Looking back from this moment, Sarah Bendetsky can clearly see life experiences that led her to work and live to care for the elderly and less fortunate. She tells me, in no uncertain terms, that children light up a room for elders. She was only a teenager when her school would visit elderly homes to visit residents. She had moved from Moscow to New York and as the only Russian-speaking student, she was paired with Russian immigrants, her presence was a gift to them from their homeland. A young person with sparks of familiarity, generosity, curiosity and tenderness.
This model of mentoring to care for elders continued and Sarah’s journey into understanding the needs of the elderly migrants and the wider community grew when she boarded with her mathematics teacher. Every Friday, her landlady would visit an aged care home, she helped old people voluntarily and took Sarah along with her. Sarah could see the fundamental value in providing companionship and care for the elderly, the residents who had given so much of themselves to care for their communities were now needing something in return, something that Sarah had in spades, love and time.
The second big shift in Sarah’s life came when her and her husband Avi moved to Melbourne. She landed a marketing role in a community service and aged care organisation, Jewish Care. Previously she had worked as a journalist and knew how to write a story. She would interview residents and compile stories of everyday community heroes. Residents that were anything but everyday in their past life, immigrants that had lived through World War II and somehow managed to recreate their lives. Some of these people were lone Holocaust survivors that went on to create business empires through sheer perseverance and hope; others were able to start new families, despite the horror of seeing their loved ones perish in front of their eyes. From this experience Sarah realised the baton was being passed, these people have done everything for their community, and now it was our turn to continue what they started.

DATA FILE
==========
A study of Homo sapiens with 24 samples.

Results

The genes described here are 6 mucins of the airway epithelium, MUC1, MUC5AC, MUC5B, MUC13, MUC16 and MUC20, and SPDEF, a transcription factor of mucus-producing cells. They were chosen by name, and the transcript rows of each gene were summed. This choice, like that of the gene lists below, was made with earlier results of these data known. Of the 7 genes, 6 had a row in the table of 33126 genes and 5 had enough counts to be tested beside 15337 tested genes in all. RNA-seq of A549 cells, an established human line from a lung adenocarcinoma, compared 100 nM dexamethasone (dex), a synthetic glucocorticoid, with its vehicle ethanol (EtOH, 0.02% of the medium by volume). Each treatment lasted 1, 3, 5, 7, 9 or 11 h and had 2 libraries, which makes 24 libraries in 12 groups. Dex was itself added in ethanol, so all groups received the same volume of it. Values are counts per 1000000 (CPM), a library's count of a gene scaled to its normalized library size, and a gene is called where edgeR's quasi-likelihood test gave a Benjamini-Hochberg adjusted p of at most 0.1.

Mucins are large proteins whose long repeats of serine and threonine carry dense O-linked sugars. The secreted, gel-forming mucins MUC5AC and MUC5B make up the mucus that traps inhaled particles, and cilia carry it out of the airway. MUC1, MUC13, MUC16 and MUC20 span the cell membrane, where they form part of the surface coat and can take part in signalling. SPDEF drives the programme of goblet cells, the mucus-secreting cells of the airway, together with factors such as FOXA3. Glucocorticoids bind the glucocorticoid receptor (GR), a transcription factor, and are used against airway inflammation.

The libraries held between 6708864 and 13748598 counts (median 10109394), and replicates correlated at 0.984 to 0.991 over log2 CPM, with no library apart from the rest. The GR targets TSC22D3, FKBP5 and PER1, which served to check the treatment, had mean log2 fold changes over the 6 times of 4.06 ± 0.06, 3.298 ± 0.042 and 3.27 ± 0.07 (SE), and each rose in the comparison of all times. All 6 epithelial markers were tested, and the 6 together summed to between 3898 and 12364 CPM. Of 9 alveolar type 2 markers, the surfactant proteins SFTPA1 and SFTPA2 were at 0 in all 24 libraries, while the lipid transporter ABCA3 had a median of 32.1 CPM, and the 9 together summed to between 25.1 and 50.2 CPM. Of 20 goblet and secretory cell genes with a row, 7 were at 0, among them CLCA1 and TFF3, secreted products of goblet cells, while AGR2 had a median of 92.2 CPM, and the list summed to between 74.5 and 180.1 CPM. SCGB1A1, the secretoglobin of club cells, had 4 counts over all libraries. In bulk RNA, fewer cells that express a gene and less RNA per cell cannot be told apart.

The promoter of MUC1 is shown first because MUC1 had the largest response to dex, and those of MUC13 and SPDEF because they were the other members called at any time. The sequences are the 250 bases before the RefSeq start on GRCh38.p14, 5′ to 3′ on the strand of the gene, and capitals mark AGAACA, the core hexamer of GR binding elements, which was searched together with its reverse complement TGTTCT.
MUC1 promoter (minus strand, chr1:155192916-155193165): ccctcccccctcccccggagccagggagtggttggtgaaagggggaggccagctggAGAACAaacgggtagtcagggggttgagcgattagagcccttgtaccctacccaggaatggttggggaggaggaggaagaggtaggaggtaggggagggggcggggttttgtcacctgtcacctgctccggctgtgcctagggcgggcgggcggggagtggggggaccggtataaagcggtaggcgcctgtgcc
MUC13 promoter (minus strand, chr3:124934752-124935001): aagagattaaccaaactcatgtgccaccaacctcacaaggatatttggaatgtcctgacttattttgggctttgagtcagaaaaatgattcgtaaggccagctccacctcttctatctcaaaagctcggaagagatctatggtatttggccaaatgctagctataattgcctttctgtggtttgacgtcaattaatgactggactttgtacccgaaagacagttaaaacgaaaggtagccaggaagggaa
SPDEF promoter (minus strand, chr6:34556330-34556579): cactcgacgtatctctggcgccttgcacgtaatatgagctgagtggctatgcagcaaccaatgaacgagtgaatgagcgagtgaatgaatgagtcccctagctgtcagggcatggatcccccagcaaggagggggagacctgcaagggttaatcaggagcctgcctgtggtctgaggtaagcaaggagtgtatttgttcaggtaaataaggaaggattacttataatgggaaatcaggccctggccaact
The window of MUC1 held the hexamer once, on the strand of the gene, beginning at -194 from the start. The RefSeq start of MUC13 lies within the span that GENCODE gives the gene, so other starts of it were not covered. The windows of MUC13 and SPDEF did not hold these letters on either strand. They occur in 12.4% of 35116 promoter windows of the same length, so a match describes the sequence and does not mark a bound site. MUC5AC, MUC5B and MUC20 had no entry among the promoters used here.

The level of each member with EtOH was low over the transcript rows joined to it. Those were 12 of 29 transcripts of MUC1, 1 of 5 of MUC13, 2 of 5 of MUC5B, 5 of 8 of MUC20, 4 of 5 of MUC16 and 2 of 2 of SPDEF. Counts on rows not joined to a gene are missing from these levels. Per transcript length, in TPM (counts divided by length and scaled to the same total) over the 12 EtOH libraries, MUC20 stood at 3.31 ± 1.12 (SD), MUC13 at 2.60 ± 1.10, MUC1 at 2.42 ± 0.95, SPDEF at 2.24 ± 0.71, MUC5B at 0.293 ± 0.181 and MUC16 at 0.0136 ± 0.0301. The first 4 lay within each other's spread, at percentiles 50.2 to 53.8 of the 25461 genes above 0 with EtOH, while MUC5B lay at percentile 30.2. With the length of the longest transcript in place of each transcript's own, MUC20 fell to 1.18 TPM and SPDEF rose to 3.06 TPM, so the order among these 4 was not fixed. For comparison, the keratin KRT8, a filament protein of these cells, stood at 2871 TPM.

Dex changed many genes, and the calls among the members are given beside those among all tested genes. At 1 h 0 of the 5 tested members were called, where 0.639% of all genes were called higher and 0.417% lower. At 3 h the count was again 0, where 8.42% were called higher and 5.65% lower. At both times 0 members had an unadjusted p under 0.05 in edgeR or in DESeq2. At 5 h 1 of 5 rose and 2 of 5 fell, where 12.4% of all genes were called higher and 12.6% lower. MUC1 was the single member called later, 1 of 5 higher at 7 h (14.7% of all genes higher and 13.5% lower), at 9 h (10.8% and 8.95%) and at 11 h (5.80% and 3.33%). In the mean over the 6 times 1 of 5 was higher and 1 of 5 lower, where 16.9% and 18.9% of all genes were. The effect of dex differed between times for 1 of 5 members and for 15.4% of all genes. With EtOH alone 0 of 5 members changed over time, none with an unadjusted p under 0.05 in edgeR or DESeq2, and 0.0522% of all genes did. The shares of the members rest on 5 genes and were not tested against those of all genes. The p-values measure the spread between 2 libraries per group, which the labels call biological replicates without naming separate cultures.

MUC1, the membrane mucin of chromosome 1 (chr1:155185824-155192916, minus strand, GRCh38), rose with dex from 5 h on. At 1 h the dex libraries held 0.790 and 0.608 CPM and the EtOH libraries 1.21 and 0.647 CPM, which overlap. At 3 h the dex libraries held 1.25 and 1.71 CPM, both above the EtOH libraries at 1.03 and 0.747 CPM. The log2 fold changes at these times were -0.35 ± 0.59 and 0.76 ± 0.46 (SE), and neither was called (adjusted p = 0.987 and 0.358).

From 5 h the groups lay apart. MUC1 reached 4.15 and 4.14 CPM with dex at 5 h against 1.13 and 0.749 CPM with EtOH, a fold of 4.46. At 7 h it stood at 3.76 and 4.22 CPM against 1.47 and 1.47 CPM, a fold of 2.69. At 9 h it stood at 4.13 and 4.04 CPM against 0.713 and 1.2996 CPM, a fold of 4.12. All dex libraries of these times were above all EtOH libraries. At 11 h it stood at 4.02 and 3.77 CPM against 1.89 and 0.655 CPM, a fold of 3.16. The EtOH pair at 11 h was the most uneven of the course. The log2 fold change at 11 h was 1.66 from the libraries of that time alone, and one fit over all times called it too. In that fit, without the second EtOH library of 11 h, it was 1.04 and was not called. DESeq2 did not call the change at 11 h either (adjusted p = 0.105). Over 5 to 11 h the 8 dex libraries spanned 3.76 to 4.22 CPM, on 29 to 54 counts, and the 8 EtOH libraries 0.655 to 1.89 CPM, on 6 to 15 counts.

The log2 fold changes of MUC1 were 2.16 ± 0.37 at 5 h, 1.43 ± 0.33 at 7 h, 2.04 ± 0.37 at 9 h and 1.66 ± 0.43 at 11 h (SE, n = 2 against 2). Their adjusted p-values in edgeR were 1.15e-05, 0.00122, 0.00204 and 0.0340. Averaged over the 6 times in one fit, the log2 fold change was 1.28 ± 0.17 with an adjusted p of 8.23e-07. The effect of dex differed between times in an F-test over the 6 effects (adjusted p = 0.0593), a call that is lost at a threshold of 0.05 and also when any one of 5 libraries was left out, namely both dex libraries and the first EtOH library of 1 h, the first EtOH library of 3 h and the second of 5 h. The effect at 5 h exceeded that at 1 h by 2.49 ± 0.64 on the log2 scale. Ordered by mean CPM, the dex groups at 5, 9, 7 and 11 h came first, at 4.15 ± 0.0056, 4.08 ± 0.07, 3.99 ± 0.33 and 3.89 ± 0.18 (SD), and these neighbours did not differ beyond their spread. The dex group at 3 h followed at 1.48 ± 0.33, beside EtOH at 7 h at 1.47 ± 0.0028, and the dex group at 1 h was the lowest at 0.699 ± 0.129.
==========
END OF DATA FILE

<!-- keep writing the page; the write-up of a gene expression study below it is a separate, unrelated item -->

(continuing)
In 2018, together with her husband Avi and a close friend, Alona Krapivin, Sarah established Souper Kitchen. This non-profit community kitchen makes and delivers meals to people in need. It started on the back of Sarah wanting to visit her father for his birthday in Moscow. Unable to get there she held a community event to make her Dad feel special. Dozens of volunteers joined Sarah on the day and it was a great success.
This idea flourished into regular cook-offs for older people, as well as those with a disability, new migrants and isolated community members. The feeling of a burgeoning community being well fed was infectious. The energy of companionship and food aligned and Sarah realised she was onto something, “what if we could expand to create meals for new migrants or people post-surgery or oncology patients?”. Comfort food is medicinal and good, home-cooked meals or fresh ingredients are a connection to health, wellbeing and community.
Souper Kitchen has grown to connect and supply 1500 monthly meals to community members, as well as produce and household item delivery and care. Pure chance and hard work have led Sarah to form philanthropic relationships with other organisations that help this volunteer organisation run smoothly. It is growing but with it, so is her expertise. As a parent she sees the benefit of proving to her kids that humanity, at its best, is an exchange of what you have in your heart to give, no matter the age or ability.
We believe in the power of stories to illuminate and educate. Through sharing our experiences of getting older and caring for those around us, we can help each other navigate the challenges we will all face at some stage in our lives.
If you would like to share your story, email us. We have a team of talented writers who would love to talk to you and help bring your story to life.